Pricing out IT


Adoption of virtualization technology may be hampered by questions and uncertainties surrounding application licensing, according to one Canadian research analyst.

Virtualization — technology that enables one physical server to run multiple instances of virtual machines — has become increasingly widespread in the enterprise in recent years. Its advantage lies in its ability to allow IT managers to make more efficient use of their available processing power.

Traditional IT environments would normally run on a ratio of one application per physical server, which often leaves processors underutilized.

Virtualization software allows one physical box to run multiple applications by creating multiple virtual operating systems within that physical machine.

The trickiness of the issue becomes evident when software vendors license certain server applications by way of a per-processor basis, said Matt Brudzynski, senior analyst at Info-Tech Research in London, Ont. Database software vendor Oracle Corp.’s licensing program for certain applications is a good example, said Brudzynski.

“Oracle will ask you what hardware you are running [the application] on.

“In the case of virtual machines, that hardware may be running 30 virtual machines and you [may only be taking up] one-thirtieth of the processing power (to run that particular application), but they don’t care; all [Oracle asks] is what hardware you’re running it on and that is what they license.”

Oracle did not respond to interview requests.

Brudzynski said software licensing practices that are based on the number of processors may be “unfair” for customers that have virtualized their IT environment. A customer using a four-processor server, for instance, running a server application that is licensed per processor, would have to pay its vendor four licences. It would not matter, therefore, that the customer is only using one processor out of the four-processor server to run that particular licensed application.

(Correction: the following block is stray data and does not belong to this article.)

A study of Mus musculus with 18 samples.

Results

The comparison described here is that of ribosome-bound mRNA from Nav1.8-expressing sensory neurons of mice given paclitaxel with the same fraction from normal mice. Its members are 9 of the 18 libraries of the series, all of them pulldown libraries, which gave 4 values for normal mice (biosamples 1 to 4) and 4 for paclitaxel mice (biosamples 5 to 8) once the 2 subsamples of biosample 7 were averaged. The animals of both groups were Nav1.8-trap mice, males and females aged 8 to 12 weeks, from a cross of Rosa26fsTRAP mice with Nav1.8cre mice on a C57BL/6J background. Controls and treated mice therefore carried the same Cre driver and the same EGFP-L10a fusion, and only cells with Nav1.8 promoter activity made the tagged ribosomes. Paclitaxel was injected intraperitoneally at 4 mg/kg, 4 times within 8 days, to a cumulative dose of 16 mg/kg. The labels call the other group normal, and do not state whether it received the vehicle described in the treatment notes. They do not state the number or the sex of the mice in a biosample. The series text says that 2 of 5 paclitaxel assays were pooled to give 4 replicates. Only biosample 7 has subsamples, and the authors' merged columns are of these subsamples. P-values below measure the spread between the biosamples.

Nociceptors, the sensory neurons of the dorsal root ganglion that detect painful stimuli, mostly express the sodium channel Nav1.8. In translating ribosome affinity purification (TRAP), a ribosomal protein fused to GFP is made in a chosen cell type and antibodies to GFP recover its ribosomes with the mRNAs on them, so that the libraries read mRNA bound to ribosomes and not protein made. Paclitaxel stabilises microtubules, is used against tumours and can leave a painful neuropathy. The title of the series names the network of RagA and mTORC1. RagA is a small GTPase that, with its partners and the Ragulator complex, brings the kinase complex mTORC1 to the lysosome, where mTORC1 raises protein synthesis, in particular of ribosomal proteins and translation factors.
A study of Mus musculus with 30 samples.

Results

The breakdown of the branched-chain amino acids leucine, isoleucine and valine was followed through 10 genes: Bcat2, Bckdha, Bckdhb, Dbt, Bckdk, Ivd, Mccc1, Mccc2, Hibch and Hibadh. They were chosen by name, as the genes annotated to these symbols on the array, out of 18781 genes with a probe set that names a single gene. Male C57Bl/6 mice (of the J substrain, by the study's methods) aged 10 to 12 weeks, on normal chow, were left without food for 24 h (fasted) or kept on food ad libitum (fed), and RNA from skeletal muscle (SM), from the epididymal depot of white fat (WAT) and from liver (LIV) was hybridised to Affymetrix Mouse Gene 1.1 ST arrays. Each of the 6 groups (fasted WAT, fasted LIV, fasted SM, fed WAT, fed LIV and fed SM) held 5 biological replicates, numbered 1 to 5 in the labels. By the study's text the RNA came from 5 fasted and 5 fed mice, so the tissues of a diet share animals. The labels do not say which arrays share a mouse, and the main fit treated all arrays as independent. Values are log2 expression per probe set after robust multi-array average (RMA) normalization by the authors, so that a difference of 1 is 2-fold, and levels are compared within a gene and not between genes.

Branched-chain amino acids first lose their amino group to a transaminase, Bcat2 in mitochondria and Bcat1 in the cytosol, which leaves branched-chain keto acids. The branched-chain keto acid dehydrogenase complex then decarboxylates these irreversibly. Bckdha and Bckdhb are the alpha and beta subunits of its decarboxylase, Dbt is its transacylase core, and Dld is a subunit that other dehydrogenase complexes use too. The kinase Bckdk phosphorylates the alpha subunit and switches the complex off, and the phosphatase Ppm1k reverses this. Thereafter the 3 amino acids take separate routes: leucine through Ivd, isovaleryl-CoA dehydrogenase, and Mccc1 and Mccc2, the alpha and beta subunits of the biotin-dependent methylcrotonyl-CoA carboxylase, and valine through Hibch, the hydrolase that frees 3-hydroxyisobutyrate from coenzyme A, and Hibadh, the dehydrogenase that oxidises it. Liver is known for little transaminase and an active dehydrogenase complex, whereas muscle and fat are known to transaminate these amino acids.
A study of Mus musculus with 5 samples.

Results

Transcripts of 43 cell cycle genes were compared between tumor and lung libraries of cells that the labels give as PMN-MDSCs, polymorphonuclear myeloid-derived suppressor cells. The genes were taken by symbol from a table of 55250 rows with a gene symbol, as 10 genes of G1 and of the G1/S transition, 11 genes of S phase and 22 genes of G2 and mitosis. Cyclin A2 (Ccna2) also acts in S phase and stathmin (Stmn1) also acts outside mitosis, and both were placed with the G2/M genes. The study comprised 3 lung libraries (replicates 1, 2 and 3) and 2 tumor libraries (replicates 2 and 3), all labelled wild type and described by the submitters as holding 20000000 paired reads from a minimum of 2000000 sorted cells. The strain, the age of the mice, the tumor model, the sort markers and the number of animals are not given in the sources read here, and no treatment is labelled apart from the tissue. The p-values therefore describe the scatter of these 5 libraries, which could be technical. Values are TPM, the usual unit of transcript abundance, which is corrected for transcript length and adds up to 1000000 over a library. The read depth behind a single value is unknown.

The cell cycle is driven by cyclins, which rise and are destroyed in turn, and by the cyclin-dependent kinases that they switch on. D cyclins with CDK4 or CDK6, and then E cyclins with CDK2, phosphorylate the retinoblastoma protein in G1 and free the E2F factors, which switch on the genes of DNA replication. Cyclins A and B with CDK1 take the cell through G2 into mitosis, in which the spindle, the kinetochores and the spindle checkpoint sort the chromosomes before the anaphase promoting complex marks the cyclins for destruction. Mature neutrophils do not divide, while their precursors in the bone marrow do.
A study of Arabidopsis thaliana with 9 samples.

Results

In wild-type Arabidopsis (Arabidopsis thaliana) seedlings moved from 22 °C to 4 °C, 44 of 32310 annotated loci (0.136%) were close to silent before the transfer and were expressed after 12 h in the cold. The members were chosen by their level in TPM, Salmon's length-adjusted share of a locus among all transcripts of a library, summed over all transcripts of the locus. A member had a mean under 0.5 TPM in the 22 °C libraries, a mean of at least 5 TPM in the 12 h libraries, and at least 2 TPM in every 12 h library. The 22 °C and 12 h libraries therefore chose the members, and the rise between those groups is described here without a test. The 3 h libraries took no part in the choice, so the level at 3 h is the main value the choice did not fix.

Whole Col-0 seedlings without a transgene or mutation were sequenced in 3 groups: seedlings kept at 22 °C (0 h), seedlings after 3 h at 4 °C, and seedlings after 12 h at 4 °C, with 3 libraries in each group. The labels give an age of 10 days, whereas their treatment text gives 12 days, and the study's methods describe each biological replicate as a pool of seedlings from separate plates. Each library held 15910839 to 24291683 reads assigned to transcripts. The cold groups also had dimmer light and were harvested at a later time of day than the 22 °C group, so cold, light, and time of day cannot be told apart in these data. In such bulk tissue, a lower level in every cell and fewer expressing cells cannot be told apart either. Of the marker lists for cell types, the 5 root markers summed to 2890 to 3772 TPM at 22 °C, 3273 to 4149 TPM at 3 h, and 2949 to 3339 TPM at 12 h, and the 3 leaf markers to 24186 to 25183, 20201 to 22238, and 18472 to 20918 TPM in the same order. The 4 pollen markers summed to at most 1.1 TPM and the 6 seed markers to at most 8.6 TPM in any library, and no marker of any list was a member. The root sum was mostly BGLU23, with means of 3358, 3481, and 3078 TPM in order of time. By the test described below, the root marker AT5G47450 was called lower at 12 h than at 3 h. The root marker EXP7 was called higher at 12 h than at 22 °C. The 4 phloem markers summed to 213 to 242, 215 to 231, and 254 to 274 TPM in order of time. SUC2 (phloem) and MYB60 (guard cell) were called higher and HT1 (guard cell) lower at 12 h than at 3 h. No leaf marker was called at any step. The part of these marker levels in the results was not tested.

Application licensing with enterprise virtualization can also be a double-edged sword. The Info-Tech analyst explained that as much as it may become a hindrance to virtualization, adoption of certain applications can also be negatively affected.

“As you see a lot of the market moving to virtual servers, not because of any software issue but because of simple hardware consolidation, [software vendors may] also run into an issue where customers will now demand that licensing accommodate virtual machines,” he said.

Failure to acknowledge this software pricing issue for virtualization can also lead to “customer resentment” toward companies with licensing policies that aren’t conducive to virtualization environments, added Brudzynski. “And then you are going to see some creative ways in which [customers] will try to get around those licensing agreements.”

Some software vendors, however, have started recognizing the trend towards virtualization and have already taken steps to make their pricing models virtualization-friendly.

One such vendor is Microsoft Corp. “They have made (licensing cost for) classic products such as SQL Server and other server-based applications based on the virtual CPUs that they reside on, [rather than] the physical CPUs,” said Brian Byun, vice-president for products and alliances at VMWare in Palo Alto, Calif.

A similar trend is seen on middleware and Java application servers, where fractional licensing and other cost-effective licensing policies are adopted for virtualized environments, Byun said.

The issue of licensing, however, only comes up in virtualization when the cost is based on the number of processors. In most cases, licensing does not pose any concern because software vendors have implemented either user-based or value-based pricing structures, Byun noted.

German firm SAP AG, for instance, enforces a “named user model with add-on options that are priced by metrics” and claims virtualization does not have any impact on the company’s pricing structure.

“SAP customers pay per user and not per core. Hence, it doesn’t matter if the servers at the customer site run multi-core processors. In this regard, it doesn’t matter what technology runs underneath our applications,” said John Nugent, executive vice-president for SAP Americas Inc.

VMWare’s Byun stressed that many software vendors already have “proactive support policies” with regard to application licensing for virtualized IT environments, and those that run into licensing issues with virtualization are in the “low minority.” In some cases, licensing issues can be resolved through the enterprise agreement between the vendor and the customer, the VMWare executive said.

He advised customers to sit down with their ISVs to clarify any confusion or uncertainty with regards to application licensing with virtualization.